The gastrointestinal tract, also known as the gut has a direct connection to your brain. This means that its well-being affects many functions of your body. The gut runs from the mouth to the anus, and since both ends are open, it hosts trillions of dynamic and complex bacteria, fungi, and viruses called microbiota.
During birth, your gut is clean but starts collecting microbes immediately. A healthy gut microbiota consists of a well-balanced mix of good and bad bacteria. An imbalance may cause health issues such as sleep disorders, inflammatory gut disease, obesity, diabetes, and more. Understanding your gut’s health is important for your overall health.
The Gut vs the Circadian Rhythms
The human body has an ‘internal clock’ that sets a 24-hour rhythm, which determines when you wake up or when to go to sleep, among other processes. Microbiome in the gut plays a major role in regulating this rhythm. All the cells in the body maintain this clock, and the gut is a part of it. A study in 2016 showed that microbes move around within the body during the day or night to influence the circadian rhythms of other organs.
The Gut vs Depression and Insomnia
According to scientists, the microbiome in your gut affects your mental health. A study found that people experiencing depression had distinct bacteria levels in the gut, and impaired sleep too. According to Professor Tim Spector, a geneticist and gut specialist, there is a connection between the gut, the brain, and sleep. The gut has a nervous system that acts as a bi-directional communication structure between the gut and the central nervous system (CNS).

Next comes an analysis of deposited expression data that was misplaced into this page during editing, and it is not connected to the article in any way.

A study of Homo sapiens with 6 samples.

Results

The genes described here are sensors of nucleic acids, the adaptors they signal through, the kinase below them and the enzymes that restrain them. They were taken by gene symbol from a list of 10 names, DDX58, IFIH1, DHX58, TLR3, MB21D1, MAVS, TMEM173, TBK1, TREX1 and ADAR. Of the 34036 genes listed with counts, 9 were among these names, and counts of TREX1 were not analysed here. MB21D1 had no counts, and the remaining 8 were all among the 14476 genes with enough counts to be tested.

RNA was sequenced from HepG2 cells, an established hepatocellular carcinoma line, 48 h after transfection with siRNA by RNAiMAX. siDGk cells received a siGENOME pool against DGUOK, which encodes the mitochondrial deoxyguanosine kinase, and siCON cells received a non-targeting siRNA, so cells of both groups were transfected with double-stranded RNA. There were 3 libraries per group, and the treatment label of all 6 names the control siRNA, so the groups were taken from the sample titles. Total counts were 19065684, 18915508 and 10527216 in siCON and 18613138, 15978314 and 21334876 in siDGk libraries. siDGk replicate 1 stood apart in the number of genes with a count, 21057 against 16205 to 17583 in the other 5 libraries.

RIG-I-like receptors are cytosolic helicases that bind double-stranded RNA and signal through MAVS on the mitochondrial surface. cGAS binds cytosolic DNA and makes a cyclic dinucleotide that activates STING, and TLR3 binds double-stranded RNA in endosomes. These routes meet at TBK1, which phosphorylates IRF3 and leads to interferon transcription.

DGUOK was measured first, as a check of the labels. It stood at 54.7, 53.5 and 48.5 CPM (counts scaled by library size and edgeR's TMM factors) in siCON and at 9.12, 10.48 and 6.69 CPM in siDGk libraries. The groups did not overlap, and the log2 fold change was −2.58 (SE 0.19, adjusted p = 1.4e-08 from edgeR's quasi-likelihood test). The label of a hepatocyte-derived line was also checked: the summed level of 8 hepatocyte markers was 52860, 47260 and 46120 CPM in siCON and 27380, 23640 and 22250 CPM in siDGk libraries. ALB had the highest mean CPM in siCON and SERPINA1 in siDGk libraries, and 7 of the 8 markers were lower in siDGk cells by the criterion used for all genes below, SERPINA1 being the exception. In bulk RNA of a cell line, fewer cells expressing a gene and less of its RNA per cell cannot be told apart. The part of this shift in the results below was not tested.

Can Cause Depressive Insomnia
The gut microbiome affects neural development, behavior, and cognition. Alterations of the microbiome can cause depressive-like behaviors. People with depressive insomnia might have a gut bacteria imbalance that overstimulates the nerves and tissues. This causes the CNS to send mixed signals that produce sleep issues and depressive symptoms.
Bowel Disorders Affect Your Sleep
If you suffer from a disorder of the gut called Irritable Bowel Syndrome (IBS), you may also have sleeping issues. According to experts, people experiencing different kinds of IBS have different sleep hormone levels. Diarrhea-predominant IBS and constipation-based IBS affects your sleep in different neurological patterns. Also, gut disorders affect the response of your body’s inflammatory system, causing sleeping issues.
Friendly Bacteria Promotes Better Sleep
High levels of stress lead to sleep issues. Whatever the stress you are experiencing, the health of your gut is of importance. A healthy gut ensures less stress, while more stress is unhealthy to your gut. Friendly bacteria in the gastrointestinal system leads to reduced stress and better sleep. The composition of your gut microbiomes can result from a slight change in your sleeping patterns.
The health of your gut is one of the most important aspects of your overall wellbeing. The connection between your gut and sleep is strong and direct. Scientists are still discovering the complexities surrounding the relationship between sleep and the gut. Eat healthily and avoid stressful conditions to maintain a healthy gut. If you experience an extensive lack of sleep, it is important to see your doctor.